Tutor/Mentor Connection

Connect knowledge, volunteers, youth and make a difference.

Success in today’s economic climate is largely dependent, among other things, on the strength of social networks. A strong social network increases efficiency and competitive advantage of an organization by enabling information exchange within the organization. Social network analysis (SNA) tools are used by organizations to analyze large amount of data stored in their databases and map relationship among them based on shared features. These tools also provide a better understanding of the organizational structure, like who reports to whom, or interaction among different project teams etc.

Here’s an example of how such a tool can be used to map the evolution of the social network within the SNA group of Tutor/Mentor connections (T/MC). It also shows how different people are taking the lead in the SNA group to keep the project moving in order to achieve the goals of T/MC. Inflow social network analysis software training was held at T/MC on 25th February 2010. The first map (Figure 1) shows the interaction among the members of the SNA group before the training in February. In this map, we can see that Dan Bassill is directly connected to most of the members of the group. So, he is the central hub of the network.

I have used a scale of 0-4 to show the strength of relationship between the members in
the SNA group. The definition of the scale is as follows:

0- no interaction.

1- have met at the Ning site but not in person.

2- met only at the InFlow training.

3- met more than once after the InFlow training.

4- have a regular/ongoing relationship.

In addition, the members of the network are color-coded according to their responsibilities.

Figure 1

After the SNA training, everybody got connected to each other with Dan being the central hub (Figure 2). The strength of relationship between the members of the SNA group has also increased after the SNA software training

Figure 2

This map ( Figure 3) represents the people who will be working on theSNA project after the training. We have hidden the nodes of the people who won’t be working on the project. At this stage of the project nobody has taken the lead.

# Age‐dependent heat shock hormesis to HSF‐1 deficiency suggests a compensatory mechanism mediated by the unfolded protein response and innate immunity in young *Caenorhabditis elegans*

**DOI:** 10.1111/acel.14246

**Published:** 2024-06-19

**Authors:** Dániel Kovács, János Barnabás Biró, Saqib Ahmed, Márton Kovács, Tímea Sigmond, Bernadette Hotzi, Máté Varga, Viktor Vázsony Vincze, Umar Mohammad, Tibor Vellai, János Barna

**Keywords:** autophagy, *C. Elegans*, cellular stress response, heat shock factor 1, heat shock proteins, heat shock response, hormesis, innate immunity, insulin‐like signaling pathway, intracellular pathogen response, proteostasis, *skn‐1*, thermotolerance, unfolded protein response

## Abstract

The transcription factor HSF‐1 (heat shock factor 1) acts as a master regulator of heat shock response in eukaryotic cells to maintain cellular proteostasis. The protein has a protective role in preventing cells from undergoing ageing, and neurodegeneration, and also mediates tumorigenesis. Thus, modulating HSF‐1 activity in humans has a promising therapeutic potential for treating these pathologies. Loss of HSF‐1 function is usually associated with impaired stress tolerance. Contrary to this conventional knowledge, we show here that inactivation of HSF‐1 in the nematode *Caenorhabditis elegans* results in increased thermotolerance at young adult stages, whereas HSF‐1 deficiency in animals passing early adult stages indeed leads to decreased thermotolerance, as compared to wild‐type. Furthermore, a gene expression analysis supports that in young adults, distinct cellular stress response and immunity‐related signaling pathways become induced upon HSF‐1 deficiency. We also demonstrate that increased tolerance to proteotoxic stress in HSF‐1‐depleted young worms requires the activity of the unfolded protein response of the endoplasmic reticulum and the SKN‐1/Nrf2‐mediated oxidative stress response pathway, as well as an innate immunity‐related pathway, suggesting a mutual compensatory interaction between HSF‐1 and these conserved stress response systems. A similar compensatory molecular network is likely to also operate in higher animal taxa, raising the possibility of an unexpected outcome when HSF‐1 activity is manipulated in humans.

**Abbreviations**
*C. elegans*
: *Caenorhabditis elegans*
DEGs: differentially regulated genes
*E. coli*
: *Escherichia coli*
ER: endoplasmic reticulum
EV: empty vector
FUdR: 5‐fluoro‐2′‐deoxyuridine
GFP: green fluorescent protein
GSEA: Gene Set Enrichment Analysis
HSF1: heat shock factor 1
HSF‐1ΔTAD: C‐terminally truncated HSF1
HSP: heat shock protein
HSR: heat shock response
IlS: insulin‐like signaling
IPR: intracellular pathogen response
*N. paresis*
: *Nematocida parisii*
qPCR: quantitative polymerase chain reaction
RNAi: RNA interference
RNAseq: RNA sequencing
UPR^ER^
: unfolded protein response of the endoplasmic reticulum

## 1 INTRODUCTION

Figure 3

Jonathan and Ahmed left the SNA group few weeks after the training and two new members Karina and Kalyani joined the group. The following map (Figure 4) shows the interaction among the members of the SNA group after introduction of two new members with Katie and Anne currently being the project leads.

Figure 4

This is the current network map ( Figure 5) of the SNA group after the inflow software training of the new members. Here everybody is connected to each other with Anne and Kalyani being the project leads.

Figure 5

Thank you Kalyani. This is a good demonstration of how we can show the growth of a small group of people who have responded to the invitation of one, or more people. In this case, the invitation came from myself, as founder of the Tutor/Mentor Connection.

The T/MC was created in 1993, and so there have been many people coming together to help us in the 17 years since then. This list is just one that shows different people and organizations who have help in one or more ways.

As you, Anne, Katie and others learn to use InFlow and write SNA reports like this, my hope is that we attract the attention of the larger community of SNA experts, who will add their own thinking to this project. I also hope we attract the attention of donors who want to end poverty, and who realize that without someone like the T/MC sending an invitation and connecting people to each other, not much can happen to change the future of youth born or living in poor neighborhoods. If those donors provide funds we can expand the work we're doing with SNA, and the T/MC, and share this in ways that it is duplicated in other communities around the world...who then become an expanded part of the T/MC network, as we become part of their own networks.

I'll look forward to seeing more of this type of analysis from you, Anne, Katie and others.